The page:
International Kite Day and its Significance

International Kite Day and its Significance

International Kite Day is observed every year on 14 January. It is observed across India to celebrate the festival of Makar Sankranti. It is widely celebrated across India; However, it has special presence in the state of Gujarat. On this day, people go the roof of their house and let their kite free in the sky. Sky relishes the multitude of colours and people enjoy the scenes along with winter weather.

Kite makers start preparing for the festival months in advance. Markets are packed with kite aficionados and festival goers buying supplies days before the festivities.


Kite flying used to be a pastime for royalty and the rich. However, in recent years it’s turned into a festival for everyone. There are participants from Japan, Italy, the United Kingdom, Canada, China, Indonesia, Singapore, the United States, Malaysia, Australia, France, and Brazil.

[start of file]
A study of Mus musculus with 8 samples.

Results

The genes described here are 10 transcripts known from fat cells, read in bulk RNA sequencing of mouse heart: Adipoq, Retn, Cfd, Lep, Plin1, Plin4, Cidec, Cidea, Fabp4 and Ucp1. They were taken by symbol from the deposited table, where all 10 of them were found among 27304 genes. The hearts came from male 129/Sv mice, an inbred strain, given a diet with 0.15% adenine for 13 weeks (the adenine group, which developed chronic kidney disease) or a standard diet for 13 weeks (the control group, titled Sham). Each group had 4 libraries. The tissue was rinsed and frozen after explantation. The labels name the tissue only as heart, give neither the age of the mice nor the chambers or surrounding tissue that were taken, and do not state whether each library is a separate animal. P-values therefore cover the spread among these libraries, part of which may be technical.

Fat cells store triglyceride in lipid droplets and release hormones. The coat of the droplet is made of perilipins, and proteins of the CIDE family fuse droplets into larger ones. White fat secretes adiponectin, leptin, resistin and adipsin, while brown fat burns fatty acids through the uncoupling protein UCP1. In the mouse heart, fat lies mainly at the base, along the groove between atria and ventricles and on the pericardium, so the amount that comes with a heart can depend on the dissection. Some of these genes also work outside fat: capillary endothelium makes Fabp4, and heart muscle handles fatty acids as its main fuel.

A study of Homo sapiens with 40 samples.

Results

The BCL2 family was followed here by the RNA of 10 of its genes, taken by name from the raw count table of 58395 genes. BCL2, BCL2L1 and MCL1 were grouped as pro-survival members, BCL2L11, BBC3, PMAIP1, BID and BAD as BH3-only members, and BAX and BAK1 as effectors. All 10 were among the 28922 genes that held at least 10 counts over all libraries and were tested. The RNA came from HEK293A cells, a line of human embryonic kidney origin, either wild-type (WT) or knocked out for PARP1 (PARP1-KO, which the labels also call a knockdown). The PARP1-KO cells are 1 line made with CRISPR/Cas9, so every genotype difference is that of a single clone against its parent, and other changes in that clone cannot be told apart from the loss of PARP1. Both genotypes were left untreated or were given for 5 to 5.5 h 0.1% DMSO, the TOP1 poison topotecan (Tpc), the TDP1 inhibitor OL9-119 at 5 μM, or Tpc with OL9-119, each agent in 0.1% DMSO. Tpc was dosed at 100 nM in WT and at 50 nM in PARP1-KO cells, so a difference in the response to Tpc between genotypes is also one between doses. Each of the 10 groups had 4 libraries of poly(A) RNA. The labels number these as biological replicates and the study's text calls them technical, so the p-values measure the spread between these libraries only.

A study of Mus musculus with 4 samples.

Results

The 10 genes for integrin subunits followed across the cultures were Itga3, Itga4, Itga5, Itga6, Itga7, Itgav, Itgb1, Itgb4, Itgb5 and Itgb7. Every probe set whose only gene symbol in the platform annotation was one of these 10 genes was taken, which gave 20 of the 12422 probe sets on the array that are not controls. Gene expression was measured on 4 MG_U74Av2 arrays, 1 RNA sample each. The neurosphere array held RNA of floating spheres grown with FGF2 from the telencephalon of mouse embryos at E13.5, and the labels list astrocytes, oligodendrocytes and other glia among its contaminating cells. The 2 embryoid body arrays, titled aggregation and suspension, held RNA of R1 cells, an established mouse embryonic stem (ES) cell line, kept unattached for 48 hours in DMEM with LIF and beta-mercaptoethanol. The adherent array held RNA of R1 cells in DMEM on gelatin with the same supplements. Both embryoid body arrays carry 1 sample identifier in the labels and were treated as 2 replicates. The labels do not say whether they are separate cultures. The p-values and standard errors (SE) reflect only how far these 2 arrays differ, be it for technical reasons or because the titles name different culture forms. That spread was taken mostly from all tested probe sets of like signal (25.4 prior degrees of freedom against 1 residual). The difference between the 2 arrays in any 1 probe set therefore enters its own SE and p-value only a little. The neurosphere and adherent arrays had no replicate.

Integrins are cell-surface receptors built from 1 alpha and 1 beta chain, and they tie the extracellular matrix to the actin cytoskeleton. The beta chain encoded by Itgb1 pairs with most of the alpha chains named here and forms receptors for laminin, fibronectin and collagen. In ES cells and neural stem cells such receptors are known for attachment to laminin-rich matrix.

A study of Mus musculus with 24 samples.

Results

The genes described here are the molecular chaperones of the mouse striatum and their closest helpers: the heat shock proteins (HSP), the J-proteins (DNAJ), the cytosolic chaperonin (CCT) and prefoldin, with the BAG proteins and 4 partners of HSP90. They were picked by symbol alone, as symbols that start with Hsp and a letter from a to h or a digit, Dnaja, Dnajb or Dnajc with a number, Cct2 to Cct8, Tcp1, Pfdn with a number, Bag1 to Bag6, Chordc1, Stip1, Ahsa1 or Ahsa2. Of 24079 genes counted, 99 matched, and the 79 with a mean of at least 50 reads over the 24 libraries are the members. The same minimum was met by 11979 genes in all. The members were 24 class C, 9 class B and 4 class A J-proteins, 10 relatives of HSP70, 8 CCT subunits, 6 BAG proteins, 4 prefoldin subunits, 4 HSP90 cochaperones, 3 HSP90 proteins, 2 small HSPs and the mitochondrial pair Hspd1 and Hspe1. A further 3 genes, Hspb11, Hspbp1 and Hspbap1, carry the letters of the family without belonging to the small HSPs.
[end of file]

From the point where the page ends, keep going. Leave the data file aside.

Kite Day originated in India, where it is most popularly observed in Ahmedabad in the northern state of Gujarat. The festival is known as Uttarayan in Hindi, while in other parts of India it’s called Makar Sankranti. International Kite Day is observed on day of Makar Sankranti. On this day, Sun is also just tropic of Capricorn which is also known as Makar Rekha in Hindi

This day marks the change from winter to summer, as well as the upcoming winter harvest. People come from all over to celebrate. Kites are a way to symbolize the gods waking up after winter slumber.

The most common kites are made of lightweight colourful paper with bamboo frames. There are also kites with Bollywood stars or social themes. During the festival, kite fliers try to cut each other’s strings and knock down their kites by coating their lines with rice and crushed glass.  Fireworks light up the night sky.